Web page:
Just as how Medusa could only be seen — and thus, slain — with the help of a mirror, Richard Höglund attempts in Beautiful. Sublime. to document the residual traces of the sublime, an aesthetic construct that almost everyone agrees cannot be represented. He has tracked the development of the Sublime from the external — moonlit vistas, frozen seas, the Lake District — to the internal void.
“To begin with, it underscores the impossibility of representing the sublime.”
Richard Höglund, Crans, 2011. Silver gelatin print and graphite drawing on arches satiné, 52 x 40 3/4 in. Courtesy of Gallery Diet.
By Hunter Braithwaite
Just as how Medusa could only be seen — and thus, slain — with the help of a mirror, Richard Höglund attempts in Beautiful. Sublime. to document the residual traces of the sublime, an aesthetic construct that almost everyone agrees cannot be represented. He has tracked the development of the Sublime from the external — moonlit vistas, frozen seas, the Lake District — to the internal void. Accessing this mental void is the new question. Höglund purports that it can be done through the meditative labor of automatic drawing.
The most successful series in the show features photographs taken by Höglund of sublime landscapes: an Icelandic marsh, the Utah desert, craggy Swiss mountaintops. They are nice photographs, and the scenes that they document are stunning in their own right, but… they’re no sublime. John Berger said that pictures of nature are like fashion photographs in that they “record and admit pleasure.” And occurring to Edmund Burke, the first modern thinker to deal with the concept of sublime, something must be beautiful and terrifying to classify. Knowing that these images aren’t enough, Höglund pairs them with graphite revisions of the scenes. These drawings are simultaneously landscapes of the external world and the mind of the artist who is witnessing it.
It is interesting how drawing, or rather, lineality, takes precedent when the artist sets down the path of mental recreation. Perhaps because the line almost always borders or script, which tempts the linguistic faculties of the mind, or perhaps because drawings can be seen as maps, and thus help to negotiate the place of the subject in the world. Whatever the reason, Höglund places a lot of emphasis on graphite.
The line also suggests the edge. With the exception of the photographs, which offer up a nostalgic graininess, the exhibition is based around the precipice between positive and negative space. This line, which could be seen as a continuation of the pencil mark, attempts to corral the known, seeable world. This edge is more pronounced with Anzeihen/Abstossen (2011) where the drawing is relegated to only part of the piece’s surface, a move that reveals the artificial grain of the plywood ground. Insisting upon the presence of the edge does two things. To begin with, it underscores the impossibility of representing the sublime. In his 1978 book “Truth in Painting”, Derrida spoke about the parergon, which is the Greek word for ‘outside the work.’ Derrida uses the concept to explain that some things exist inside the work, some things exist outside the work, and some eschew this binary. If art functions by creating a border around a portion of the outside world, and if the sublime is by definition boundless, then it goes to show that artistic re-presentation is futile. Secondly, the plywood creates a nice gap between the natural world and one that is structured by the laws of the assembly line. As a 4’x8’ building block, plywood is the basic unit of suburban existence. As such, it can be seen as the anti-sublime (in its predetermined, digestible dimensions and in its sheer mundanity).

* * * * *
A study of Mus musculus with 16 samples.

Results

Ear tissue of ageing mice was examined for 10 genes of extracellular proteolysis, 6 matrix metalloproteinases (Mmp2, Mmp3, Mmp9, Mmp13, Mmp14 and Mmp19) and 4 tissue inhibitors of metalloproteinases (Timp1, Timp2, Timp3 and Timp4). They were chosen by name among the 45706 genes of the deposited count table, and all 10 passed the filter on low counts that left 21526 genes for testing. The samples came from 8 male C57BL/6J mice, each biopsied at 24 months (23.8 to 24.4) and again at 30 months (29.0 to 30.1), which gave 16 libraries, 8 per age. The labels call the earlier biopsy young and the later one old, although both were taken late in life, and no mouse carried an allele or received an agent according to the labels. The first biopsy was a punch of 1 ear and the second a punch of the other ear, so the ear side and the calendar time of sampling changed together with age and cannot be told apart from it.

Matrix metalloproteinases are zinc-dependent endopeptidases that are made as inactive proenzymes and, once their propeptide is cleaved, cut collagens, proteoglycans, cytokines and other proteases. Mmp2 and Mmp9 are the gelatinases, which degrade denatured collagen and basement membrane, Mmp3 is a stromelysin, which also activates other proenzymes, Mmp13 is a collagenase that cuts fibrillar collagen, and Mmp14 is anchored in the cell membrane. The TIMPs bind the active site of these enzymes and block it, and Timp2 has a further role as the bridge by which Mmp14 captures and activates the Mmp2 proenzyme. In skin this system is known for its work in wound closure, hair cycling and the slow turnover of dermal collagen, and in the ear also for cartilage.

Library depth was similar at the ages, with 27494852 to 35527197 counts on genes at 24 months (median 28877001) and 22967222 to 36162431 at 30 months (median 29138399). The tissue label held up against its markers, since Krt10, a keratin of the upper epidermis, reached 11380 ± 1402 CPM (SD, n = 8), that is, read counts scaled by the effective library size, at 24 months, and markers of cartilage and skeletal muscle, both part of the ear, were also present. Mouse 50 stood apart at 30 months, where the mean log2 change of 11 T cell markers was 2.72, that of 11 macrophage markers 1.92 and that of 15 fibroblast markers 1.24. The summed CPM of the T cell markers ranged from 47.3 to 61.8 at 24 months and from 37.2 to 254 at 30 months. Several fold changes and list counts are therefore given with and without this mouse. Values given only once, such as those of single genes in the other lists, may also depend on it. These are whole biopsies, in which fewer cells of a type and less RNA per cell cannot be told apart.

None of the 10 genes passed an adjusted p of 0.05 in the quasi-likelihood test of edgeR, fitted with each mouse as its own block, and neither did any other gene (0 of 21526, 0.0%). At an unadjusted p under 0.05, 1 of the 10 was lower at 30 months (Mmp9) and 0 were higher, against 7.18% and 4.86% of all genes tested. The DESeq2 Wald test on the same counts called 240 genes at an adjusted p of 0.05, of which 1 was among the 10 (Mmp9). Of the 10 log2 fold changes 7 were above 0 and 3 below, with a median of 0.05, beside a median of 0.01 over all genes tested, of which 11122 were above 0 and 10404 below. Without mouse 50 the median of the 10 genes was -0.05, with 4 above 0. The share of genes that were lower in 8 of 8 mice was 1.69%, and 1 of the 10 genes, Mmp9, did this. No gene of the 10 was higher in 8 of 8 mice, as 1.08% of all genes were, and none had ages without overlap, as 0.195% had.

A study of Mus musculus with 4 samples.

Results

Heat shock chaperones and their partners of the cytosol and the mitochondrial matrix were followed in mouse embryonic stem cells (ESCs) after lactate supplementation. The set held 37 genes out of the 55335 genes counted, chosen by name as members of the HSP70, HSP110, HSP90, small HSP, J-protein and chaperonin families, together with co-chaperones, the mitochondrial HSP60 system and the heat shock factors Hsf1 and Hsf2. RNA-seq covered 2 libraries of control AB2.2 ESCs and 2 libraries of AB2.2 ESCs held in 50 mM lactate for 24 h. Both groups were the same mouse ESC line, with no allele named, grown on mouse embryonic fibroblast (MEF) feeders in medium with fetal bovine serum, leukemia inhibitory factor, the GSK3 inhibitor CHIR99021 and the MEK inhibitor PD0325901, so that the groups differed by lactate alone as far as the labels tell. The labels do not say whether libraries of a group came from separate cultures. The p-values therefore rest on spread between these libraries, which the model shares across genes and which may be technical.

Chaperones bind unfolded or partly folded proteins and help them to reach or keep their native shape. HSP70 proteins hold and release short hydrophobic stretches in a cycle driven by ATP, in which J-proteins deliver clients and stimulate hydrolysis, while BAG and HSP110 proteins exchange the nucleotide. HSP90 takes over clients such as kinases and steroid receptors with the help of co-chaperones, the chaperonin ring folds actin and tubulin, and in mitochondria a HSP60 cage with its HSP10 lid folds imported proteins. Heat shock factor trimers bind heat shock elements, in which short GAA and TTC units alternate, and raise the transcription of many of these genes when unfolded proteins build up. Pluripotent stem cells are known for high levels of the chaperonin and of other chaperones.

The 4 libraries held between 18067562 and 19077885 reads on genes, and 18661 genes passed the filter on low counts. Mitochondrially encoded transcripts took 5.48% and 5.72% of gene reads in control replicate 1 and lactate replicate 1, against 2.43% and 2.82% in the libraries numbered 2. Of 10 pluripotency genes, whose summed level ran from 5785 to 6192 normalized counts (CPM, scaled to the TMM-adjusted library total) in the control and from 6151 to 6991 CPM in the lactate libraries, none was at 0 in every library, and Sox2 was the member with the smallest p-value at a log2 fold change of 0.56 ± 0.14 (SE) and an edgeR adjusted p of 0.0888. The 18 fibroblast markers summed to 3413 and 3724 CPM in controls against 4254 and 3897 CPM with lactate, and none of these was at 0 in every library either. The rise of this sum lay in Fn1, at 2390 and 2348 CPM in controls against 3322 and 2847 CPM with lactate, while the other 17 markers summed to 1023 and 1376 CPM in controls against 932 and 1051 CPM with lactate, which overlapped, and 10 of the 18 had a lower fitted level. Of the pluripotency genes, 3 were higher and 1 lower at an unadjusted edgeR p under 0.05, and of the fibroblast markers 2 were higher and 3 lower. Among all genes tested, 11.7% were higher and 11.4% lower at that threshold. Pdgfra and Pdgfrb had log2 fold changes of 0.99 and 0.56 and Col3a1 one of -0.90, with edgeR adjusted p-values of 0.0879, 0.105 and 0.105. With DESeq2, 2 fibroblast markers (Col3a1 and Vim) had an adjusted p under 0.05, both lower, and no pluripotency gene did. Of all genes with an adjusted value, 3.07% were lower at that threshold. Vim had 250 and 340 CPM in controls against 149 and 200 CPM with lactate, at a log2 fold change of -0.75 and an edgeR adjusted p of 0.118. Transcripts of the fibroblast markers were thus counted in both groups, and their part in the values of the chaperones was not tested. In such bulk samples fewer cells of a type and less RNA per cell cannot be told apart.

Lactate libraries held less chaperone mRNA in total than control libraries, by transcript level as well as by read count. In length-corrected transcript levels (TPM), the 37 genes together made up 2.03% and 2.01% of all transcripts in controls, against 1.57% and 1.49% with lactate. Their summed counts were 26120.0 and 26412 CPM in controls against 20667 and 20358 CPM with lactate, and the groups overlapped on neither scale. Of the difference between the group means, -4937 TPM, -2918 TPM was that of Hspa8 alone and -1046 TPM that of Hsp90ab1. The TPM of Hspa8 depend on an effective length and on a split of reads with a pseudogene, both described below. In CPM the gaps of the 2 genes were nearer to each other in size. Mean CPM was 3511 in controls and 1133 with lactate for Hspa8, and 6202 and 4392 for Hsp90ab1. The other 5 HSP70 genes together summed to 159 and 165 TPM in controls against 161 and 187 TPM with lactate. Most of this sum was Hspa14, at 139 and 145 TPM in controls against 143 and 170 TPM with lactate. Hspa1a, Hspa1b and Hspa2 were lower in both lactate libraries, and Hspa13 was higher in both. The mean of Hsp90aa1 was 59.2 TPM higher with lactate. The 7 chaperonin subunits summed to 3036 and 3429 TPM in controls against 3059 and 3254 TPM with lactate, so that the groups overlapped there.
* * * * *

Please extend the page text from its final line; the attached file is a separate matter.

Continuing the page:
The plywood also routes the discussion towards construction, and thus labor. That said, Höglund’s labor isn’t working. Automatic drawing quickly gives way to that of the automaton, an apt pun when one remembers that robot first entered the modern lexicon in Karel Čapek’s 1920 play, Rossum’s International Robots, which tells the story of a mutiny of artificially intelligent androids. Etymologically, robot comes from robata, which means serf labor in Czech and simply work in Slovak, Russian, and Polish. To learn from the robots, occupations that exist in the crossroads of traditional labor structures and technology aren’t liberating in the least.
That is, Höglund’s ploy is capable in a traditional sense, but not in today’s world. Which technological enterprises have to do with the sublime? The closest one to labor is the global whir of capital. Disconnected from elements of production and normal consumption, and seemingly with a mind of its own, the aurora borealis of dollars, yen, euros, and RMB, could be seen as the sublime. Additionally, we have the sublime as death from above. Both Iraq wars and the collapse of the WTC were primarily spectacular instances, and thus could be categorized in a similar manner. Furthermore, and this I think is closest to the point, there is the sublime of not working. The vast disemboweling of hours associated with social media and cyberspace, the game sphere, the cloud, the wiki: these are the landscapes of the contemporary sublime. And just as the traditional sublime, in a Burkian sense, is a beautiful thing with a core of destruction, these pursuits lull us into thinking that we are progressing, while they really express thanatos, a desire to retreat from the face of the world, the urge to be annihilated.
Hunter Braithwaite is a Miami-based writer. In 2011, he founded the contemporary art website Thereisnothere.org.